From LARB, John B. Thompson reviews Autumn in the Heavenly Kingdom: China, the West, and the Epic Story of the Taiping Civil War by Stephen R. Platt and What Remains: Coming to Terms with Civil War in 19th Century China by Tobie Meyer-Fong; and Nick Holdstock interviews Lisa Ross, author of Living Shrines of Uyghur China. How do Chinese intellectuals construe social instability? Deng Yuwen on how to understand China's foreign policy: China can become a beacon for the world — if it trades in its conservative foreign policy for one that emphasizes universal values. On criticizing China: James Fallows on a unified field theory on assessing goods and bads. Andrew Sheng and Xiao Geng on China and the night-watchman state’s last shift. Benjamin F. Carlson on China's France fetish: The new rich want wine, cheese, and savoir vivre — underemployed Frenchmen are glad to deliver it.


A new issue of the Journal of Conflictology is out. Nicolas Salamanca (Maastricht) and Daniel S. Hamermesh (Texas): Endophilia or Exophobia: Beyond Discrimination. Jonathan Chait on how Yuval Levin has harnessed himself, at least rhetorically, to a series of falsifiable claims; they are being falsified, but the restraints of his ideology give him no room to do anything but obfuscate. UN reinscribes Polynesia on list of non self-governing territories, France calls it "blatant interference". From Fathom, an interview with Michael Walzer on excavating the Jewish political tradition; and an interview with Richard Perle on George W. Bush, Barack Obama and the Arab Spring. Jean-Clement Martin on the multiple meanings of revolution: Upheaval, crisis and imponderables. Death of the Salesmen: Derek Thompson on technology's threat to retail jobs — should we mourn them?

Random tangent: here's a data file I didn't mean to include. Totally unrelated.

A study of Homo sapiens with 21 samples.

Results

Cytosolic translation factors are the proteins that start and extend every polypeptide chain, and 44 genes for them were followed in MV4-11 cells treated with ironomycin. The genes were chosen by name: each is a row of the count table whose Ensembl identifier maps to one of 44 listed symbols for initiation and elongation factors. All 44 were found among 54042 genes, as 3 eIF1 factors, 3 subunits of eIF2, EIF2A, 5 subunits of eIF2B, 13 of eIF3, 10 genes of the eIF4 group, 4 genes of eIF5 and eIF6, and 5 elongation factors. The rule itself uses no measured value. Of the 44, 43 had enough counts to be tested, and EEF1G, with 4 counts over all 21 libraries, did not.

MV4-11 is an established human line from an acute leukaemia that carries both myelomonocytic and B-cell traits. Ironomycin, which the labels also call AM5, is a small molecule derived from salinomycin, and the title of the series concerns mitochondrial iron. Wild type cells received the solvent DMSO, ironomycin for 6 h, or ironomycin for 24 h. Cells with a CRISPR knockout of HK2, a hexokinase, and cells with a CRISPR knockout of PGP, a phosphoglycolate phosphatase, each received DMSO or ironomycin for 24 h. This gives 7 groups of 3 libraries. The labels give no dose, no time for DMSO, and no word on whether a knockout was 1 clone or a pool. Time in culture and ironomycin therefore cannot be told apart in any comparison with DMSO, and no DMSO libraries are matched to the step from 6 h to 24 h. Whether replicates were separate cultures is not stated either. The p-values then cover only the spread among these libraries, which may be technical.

From Edge, Lee Smolin on thinking about nature and how to make a theory of the universe as a whole system. James Gleick reviews Time Reborn: From the Crisis in Physics to the Future of the Universe by Lee Smolin. Lisa Randall’s Guide to the Galaxy: The famed cosmologist unveils her latest theories on the invisible universe, extra dimensions and human consciousness. Dark matter is the commonest, most elusive stuff there is — can we grasp this great unsolved problem in physics? Big news from the annals of science last week: A British newspaper reports that the mysteries of the universe may have been solved by a hedge-fund economist who left academia 20 years ago. Jon F. Wilkins on Eric Weinstein and an outsider’s Theory of Everything. Philosophy isn't dead yet: Far from having replaced metaphysics, fundamental physics is in a metaphysical mess and needs help — Einstein saw it coming.


From Interface, a special issue on anticolonial and postcolonial social movements. From New York, Jennifer Gonnerman on the stop-and-frisk trials of Pedro Serrano: NYPD rat, NYPD hero. From LARB, Anne Richardson reviews The Terror Courts: Rough Justice at Guantanamo Bay by Jess Bravin (and an interview); and Jon Wiener interviews Jeremy Scahill, author of Dirty Wars: The World is a Battlefield. Why are Republicans determined to waste money on government? Neil H. Buchanan on the upside-down logic of taking responsibilities (and funding) away from the IRS. Unacceptable: Judith Levine on recovering Paul Goodman. “Politics and Ideas: A Think Net” is a joint initiative of researchers and practitioners to produce and share innovative knowledge linking ideas and politics in developing and emerging economies. Is it the end of Sykes-Picot? Patrick Cockburn on the war in Syria and the threat to the Middle East.


Robert Marantoa (Arkansas) and Matthew Woessnera (PSU): Diversifying the Academy: How Conservative Academics Can Thrive in Liberal Academia. Why is communist iconography still cool? Dalibor Rohac wants to know. Aspiring line: Why Eric Alterman, as a young lefty writer, let conservative brahmin William F. Buckley make a monkey out of him — over and over again. An excerpt from An Atheist in the FOXhole: A Liberal's Eight-Year Odyssey Inside the Heart of the Right-Wing Media by Joe Muto. How to Save the GOP: Molly Ball on what Republicans can learn from the Democrats’ revival. Stephen Kruger on American semi-totalitarianism. Progressives with bombs: Peter Collier on the whitewashing of the Weather Underground. Adam Kokesh, leader of armed march on Washington, calls for “revolutionary army” to topple government. This is how to convince conservatives to recycle: A new study reveals how to appeal to different political ideologies.